The Caddie Who Won The Masters Book Review

The Caddie Who Won The Masters

by John Coyne

Grade: A
Teachers’ Comments: A good fantasy read, even if there are a couple of holes

(Alert: Spoilers throughout)

Bobby Jones once said that his greatest wish was that an amateur would win The Masters. While in reality that’s not going to happen, John Coyne imagines an amateur’s supernatural Master’s victory in The Caddie Who Won The Masters (I suppose that it is not too much of a spoiler to reveal that he wins the tournament, given the book’s title.)

Tim Alexander is an English professor at a small midwestern college who earns a spot at the Masters thanks to his US Mid Amateur title. He’s conflicted about his appearance, though, as his wife is battling cancer and may indeed be in mortal danger.

While practicing at the Amen Corner before the tournament, Alexander encounters the ghost of Clifford Roberts, the legendary Chairman of Augusta National. Roberts’ soul is trapped at Augusta (thanks to his suicide there), and he can’t be released until Bobby Jones’ wish is fulfilled and an amateur wins The Masters. Alexander, Roberts says, has been chosen for the job. To sweeten the deal, Roberts promises to cure Alexander’s wife in exchange for a victory.

Alexander doubts both the existence of the ghost and the possibility of winning, but he goes along with the scheme. Roberts promises additional supernatural help to ensure the victory.

Thus, as the tournament progresses, Alexander is visited by the ghosts of Ben Hogan, Bobby Locke, Byron Nelson, Bobby Jones and others who help him through rough spots in his game. At critical junctures, the shades appear and taking their advice, Alexander makes the shots.

A sub plot involves Alexander’s caddy, a course rat whose caddy father recently died in the line of duty. This, I suppose is where the “Caddy Who” part of the title comes from, but that’s a pretty big stretch.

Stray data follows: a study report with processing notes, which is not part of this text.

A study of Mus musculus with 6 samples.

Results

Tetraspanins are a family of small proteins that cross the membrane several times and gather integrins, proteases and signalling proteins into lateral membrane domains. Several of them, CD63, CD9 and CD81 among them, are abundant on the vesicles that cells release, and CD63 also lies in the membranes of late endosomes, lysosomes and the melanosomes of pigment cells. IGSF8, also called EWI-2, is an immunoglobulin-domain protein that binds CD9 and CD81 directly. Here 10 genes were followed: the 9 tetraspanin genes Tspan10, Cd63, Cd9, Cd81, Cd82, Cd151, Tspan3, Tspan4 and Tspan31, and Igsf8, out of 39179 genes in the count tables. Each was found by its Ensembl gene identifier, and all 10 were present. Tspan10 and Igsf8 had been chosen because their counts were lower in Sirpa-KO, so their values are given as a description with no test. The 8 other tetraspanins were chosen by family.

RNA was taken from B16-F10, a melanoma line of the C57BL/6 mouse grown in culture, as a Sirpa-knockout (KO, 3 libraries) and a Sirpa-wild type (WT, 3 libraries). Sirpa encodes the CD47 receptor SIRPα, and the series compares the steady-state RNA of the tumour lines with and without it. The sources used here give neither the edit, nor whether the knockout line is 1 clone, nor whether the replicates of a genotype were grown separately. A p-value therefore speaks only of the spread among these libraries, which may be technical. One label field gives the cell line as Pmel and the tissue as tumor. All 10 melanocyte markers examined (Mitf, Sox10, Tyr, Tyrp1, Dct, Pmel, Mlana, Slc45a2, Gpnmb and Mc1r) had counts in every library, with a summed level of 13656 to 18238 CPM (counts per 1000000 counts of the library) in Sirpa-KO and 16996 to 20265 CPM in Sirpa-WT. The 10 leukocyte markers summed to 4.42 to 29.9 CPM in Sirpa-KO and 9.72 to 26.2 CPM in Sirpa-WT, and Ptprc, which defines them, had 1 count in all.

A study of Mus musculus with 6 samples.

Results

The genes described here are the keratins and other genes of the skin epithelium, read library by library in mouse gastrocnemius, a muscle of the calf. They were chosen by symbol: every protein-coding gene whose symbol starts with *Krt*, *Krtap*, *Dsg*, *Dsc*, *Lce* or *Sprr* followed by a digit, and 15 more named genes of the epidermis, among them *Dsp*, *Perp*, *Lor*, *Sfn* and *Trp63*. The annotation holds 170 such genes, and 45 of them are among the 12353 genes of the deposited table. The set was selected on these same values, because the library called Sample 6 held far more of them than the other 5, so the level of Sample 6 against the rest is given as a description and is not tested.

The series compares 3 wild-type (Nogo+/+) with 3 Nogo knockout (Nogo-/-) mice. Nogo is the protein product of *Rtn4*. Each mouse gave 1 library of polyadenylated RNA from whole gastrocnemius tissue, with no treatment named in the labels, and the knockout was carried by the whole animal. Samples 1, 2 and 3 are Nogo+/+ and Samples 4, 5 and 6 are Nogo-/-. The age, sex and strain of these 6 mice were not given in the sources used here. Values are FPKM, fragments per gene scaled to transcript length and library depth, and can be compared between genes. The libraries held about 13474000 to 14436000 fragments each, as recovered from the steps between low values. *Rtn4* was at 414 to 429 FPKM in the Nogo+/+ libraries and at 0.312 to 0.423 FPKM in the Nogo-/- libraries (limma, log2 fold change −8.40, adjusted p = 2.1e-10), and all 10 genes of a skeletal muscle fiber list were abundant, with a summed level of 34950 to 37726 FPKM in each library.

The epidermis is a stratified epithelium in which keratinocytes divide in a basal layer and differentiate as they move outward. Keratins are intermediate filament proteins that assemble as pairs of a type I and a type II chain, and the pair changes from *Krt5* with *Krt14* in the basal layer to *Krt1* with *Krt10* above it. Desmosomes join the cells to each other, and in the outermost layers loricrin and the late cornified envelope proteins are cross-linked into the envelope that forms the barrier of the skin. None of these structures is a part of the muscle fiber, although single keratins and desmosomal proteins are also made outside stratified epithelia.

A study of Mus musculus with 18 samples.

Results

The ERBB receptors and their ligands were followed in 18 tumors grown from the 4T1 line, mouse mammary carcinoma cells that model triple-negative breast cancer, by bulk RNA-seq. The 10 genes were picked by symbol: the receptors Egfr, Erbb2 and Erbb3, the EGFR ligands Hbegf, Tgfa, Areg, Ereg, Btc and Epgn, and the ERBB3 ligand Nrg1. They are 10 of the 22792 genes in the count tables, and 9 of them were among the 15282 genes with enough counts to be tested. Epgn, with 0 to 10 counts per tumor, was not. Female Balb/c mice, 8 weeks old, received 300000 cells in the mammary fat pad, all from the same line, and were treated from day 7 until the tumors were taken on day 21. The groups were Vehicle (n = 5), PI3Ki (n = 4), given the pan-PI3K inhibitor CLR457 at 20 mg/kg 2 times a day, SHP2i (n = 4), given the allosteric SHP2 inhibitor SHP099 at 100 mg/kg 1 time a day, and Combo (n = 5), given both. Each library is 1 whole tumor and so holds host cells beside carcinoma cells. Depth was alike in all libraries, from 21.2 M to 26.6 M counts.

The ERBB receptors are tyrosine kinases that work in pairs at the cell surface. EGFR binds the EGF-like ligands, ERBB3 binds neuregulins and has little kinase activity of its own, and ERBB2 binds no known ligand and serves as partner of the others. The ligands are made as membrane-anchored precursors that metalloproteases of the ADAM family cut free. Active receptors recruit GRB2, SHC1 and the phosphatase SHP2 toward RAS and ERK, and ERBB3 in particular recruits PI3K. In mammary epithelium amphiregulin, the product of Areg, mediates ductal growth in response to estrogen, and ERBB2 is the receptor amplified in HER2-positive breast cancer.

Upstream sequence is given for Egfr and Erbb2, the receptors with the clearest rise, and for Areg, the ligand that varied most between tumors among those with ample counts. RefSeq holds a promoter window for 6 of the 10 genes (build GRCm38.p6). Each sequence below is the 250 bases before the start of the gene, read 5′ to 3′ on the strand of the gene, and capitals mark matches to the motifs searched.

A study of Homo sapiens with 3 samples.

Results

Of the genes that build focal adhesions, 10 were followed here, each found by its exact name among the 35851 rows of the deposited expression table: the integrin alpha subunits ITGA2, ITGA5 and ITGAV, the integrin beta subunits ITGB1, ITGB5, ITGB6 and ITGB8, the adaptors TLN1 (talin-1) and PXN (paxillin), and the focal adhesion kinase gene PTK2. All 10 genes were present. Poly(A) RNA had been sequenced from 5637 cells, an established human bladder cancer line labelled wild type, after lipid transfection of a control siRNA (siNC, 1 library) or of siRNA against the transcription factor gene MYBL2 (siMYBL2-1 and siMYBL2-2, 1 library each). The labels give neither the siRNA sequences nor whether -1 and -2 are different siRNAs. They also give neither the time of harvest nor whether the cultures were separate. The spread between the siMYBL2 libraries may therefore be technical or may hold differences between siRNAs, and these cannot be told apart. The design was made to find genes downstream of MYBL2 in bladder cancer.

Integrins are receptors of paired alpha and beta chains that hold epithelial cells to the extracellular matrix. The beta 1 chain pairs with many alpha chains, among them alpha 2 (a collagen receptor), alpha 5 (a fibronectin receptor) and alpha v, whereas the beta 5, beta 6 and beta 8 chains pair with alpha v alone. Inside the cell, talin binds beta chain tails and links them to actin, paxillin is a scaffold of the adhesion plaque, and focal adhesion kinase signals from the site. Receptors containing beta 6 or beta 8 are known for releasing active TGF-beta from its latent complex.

As a whole, I think the novel is quite enjoyable. The characters are well drawn, the “action” tense and the ending, while unrealistic, make sense within the supernatural fantasy framework.

The best part of the book, however, are the descriptions of the holes at Augusta. After reading the novel, I felt as though I’d attended a seminar on the course. (I assume it’s all accurate).

Finally, to the holes:

One: I can’t figure out why its called the Caddie Who Won The Masters, when it’s an English Professor who does the honors. True, the caddie is integral, but not enough to warrant the title. I think it’s mostly that Coyne is trying to establish a golf novel brand—his previous novels were The Caddie Who Knew Ben Hogan and The Caddie Who Played with Hickory. A poor choice, in my mind. The Amateur Who Won The Masters is more like it.

Two: The story ends without letting us know if Roberts keeps his promise to heal Axexander’s wife. We do know that Roberts is released from Augusta, but that’s it. The story need a postscript or something.